Researchers have shed new light on instability within some inorganic perovskite materials, paving the way for the identification of better options for use in highly efficient, next-generation solar cells.
A team of collaborators from Princeton University and Brookhaven National Laboratory have determined why an inorganic perovskite material, halide perovskite cesium lead iodide, is so unstable. Their findings could help lead to the discovery of more stable and viable perovskites for use in solar cell production, they said.
Scientists first used perovskites—a broad class of crystalline materials—in solar cells in 2009, achieving an energy-conversion-efficiency rate of 4 percent. But that rate is now much higher alongside other advantages of perovskite-based cells, which can be made at a mere fraction of the cost of silicon cells.
Currently, the dominant halide perovskite in solar-energy conversion applications is based on methylammonium lead iodide, an organic-inorganic hybrid material that has been incorporated into solar cells with certified efficiencies of 25.2 percent. This rivals commercial silicon cells and thus shows promise for wide-scale production.
However, methylammonium lead iodide suffers from instability problems thought to originate from the volatile nature of the organic cation, researchers noted. To correct this problem, they have been trying to replace organic cation with inorganic cesium, which they know is significantly less volatile.
The new material resulting from this replacement has a key problem, too, however. It suffers from general instability, but until now researchers did not know why.
Identifying the Problem
The new work shows that the problem is at the atomic level and stems from a room-temperature reaction, Daniel Straus, a postdoctoral research associate at Princeton, told Design News. Straus worked in the Cava Group, led by Professor of Chemistry Robert Cava.
“We identified that the reason cesium lead iodide is unstable is because the cesium atom rattles back and forth within the structure at room temperature,” he told us. “This behavior is usually not present in stable materials because it means that there is extra space left over in the material—if an atom can bounce around like cesium does, another structure type is generally the stable phase.”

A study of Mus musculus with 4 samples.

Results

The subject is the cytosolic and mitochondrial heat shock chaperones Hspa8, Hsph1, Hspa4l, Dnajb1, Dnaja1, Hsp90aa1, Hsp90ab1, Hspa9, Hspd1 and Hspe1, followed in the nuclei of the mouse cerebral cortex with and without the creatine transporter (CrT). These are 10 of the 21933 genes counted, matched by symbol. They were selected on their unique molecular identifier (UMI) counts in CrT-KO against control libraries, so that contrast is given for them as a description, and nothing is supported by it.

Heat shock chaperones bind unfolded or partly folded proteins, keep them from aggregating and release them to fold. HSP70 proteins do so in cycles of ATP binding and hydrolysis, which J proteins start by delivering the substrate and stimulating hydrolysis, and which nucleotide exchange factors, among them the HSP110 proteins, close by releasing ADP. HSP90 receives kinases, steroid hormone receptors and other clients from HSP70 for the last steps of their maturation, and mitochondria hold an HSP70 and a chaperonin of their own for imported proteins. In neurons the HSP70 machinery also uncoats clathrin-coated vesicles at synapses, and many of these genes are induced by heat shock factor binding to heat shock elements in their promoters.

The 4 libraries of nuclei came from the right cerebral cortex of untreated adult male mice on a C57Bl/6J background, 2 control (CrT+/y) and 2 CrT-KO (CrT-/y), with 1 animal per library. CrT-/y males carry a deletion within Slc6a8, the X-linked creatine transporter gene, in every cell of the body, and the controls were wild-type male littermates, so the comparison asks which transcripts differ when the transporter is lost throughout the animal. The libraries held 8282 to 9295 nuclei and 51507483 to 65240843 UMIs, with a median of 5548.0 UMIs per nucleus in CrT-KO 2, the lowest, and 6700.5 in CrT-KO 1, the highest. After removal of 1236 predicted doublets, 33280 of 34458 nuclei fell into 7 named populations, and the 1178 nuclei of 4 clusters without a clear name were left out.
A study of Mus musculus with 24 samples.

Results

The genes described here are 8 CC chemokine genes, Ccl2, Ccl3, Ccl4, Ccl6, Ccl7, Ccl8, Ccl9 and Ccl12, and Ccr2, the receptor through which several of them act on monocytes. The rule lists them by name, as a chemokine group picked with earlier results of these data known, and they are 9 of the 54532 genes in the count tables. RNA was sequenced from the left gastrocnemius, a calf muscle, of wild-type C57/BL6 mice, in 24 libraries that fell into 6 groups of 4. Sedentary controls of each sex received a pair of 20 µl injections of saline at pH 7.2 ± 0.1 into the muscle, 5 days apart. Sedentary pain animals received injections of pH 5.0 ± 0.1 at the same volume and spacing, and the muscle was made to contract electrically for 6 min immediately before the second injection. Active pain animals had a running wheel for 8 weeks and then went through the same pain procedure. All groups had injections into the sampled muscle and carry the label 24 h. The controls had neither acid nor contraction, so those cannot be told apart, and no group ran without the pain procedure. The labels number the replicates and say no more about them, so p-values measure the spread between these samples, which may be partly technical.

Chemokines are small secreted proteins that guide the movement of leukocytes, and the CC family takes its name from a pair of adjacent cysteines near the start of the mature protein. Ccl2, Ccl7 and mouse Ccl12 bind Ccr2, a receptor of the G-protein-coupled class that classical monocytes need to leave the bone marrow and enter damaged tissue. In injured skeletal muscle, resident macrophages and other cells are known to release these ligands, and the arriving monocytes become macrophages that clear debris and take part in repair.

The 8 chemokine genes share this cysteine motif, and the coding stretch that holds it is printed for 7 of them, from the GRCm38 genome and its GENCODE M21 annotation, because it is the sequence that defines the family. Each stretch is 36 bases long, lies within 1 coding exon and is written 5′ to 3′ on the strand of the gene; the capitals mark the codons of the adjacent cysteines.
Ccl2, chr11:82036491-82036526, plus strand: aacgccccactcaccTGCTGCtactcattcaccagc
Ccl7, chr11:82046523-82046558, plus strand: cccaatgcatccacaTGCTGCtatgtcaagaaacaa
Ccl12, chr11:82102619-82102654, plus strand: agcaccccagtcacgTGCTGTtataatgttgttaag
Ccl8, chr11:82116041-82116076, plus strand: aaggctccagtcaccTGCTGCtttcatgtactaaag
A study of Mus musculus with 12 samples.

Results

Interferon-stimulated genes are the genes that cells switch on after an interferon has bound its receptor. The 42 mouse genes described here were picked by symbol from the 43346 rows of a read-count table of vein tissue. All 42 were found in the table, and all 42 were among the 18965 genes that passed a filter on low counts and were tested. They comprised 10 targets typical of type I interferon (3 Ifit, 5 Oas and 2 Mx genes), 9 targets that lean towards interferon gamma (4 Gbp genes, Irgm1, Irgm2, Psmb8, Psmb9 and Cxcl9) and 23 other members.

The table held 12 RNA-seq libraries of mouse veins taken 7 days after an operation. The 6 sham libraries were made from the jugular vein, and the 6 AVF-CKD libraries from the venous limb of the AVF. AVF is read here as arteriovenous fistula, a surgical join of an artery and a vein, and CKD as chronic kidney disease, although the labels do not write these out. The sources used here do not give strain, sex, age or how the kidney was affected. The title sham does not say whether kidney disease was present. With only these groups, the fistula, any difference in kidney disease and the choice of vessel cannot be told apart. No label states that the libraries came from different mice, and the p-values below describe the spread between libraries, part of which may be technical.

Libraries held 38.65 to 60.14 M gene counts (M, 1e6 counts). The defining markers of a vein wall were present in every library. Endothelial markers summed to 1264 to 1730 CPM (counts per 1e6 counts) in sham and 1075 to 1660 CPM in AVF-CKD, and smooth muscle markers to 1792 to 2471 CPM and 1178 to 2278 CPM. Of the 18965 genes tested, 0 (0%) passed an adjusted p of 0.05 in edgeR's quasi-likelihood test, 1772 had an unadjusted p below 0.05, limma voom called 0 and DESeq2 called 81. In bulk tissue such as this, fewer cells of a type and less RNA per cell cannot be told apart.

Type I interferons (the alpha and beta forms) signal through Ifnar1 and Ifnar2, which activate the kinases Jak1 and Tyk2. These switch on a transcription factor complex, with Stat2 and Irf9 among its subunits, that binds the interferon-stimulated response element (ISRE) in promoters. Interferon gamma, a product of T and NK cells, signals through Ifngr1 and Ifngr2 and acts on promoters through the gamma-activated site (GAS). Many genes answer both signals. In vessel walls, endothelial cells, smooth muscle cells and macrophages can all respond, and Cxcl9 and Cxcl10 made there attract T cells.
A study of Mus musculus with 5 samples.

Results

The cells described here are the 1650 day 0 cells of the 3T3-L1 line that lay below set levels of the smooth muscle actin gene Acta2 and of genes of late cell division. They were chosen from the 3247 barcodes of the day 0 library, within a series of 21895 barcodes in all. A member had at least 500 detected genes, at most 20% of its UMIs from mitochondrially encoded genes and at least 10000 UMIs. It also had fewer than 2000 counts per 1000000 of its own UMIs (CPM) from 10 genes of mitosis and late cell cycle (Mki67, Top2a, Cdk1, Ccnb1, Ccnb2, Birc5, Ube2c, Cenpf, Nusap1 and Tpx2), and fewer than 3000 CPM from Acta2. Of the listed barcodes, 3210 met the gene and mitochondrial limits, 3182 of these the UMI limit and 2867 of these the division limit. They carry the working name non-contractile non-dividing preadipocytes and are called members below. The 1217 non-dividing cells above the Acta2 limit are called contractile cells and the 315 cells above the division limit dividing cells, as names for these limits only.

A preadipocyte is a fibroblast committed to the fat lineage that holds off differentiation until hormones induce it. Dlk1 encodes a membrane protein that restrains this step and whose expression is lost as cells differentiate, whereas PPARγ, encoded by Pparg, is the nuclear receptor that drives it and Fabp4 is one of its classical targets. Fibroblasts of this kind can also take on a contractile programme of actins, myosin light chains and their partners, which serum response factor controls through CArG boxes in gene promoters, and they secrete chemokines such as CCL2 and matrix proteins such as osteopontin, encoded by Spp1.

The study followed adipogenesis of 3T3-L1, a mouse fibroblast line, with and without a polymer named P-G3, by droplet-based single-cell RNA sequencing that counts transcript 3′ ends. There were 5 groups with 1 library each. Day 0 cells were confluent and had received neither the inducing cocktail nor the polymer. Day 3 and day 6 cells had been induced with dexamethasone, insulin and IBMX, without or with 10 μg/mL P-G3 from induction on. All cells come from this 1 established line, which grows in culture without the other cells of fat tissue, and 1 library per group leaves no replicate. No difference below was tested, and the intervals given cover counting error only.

Perovskite cesium lead iodide is black, so it absorbs a lot of the solar spectrum, and thus is a good material for solar cells, Straus explained to us. However, the table phase of the material is yellow, so it does not absorb the vast majority of the solar spectrum.
“If the black perovskite phase converts to the yellow phase, the solar cell will cease to function,” he told Design News.
To try to solve this problem, researchers used structural analysis to demonstrate that the reason the perovskite phase of cesium lead iodide wasn’t stable was because the cesium atom is slightly too small. This is contrary to most computer models of the material, which show that “the perovskite phase should be stable,” Straus told us.
In their work, the team used single crystal X-ray diffraction performed at Princeton University and X-ray pair distribution function measurements performed at the Brookhaven National Laboratory.
The results of this research indicate that the material must be stabilized before it can be used in solar cells because, unmodified, it remains inherently unstable and will not work effectively, Straus said. There are a few ways this can be done.
“One is through chemical modification, such as introducing a small amount of a larger cation or another halogen,” Straus told Design News. “Another is by making extremely small particles of the material, also called quantum confinement.”
A third way to stabilize the material is by epitaxy, where a material that matches the precise dimensions of the cesium lead iodide perovskite is grown on top of it to trap it in the perovskite phase, he added.
Researchers published a paper on their work in the journal Advanced Materials.
Other materials similar to halide perovskites also could be viable options for these types of cells in the future, Straus told us. The team will continue their work by trying to find such materials, he said.
Elizabeth Montalbano is a freelance writer who has written about technology and culture for more than 20 years. She has lived and worked as a professional journalist in Phoenix, San Francisco, and New York City. In her free time, she enjoys surfing, traveling, music, yoga, and cooking. She currently resides in a village on the southwest coast of Portugal.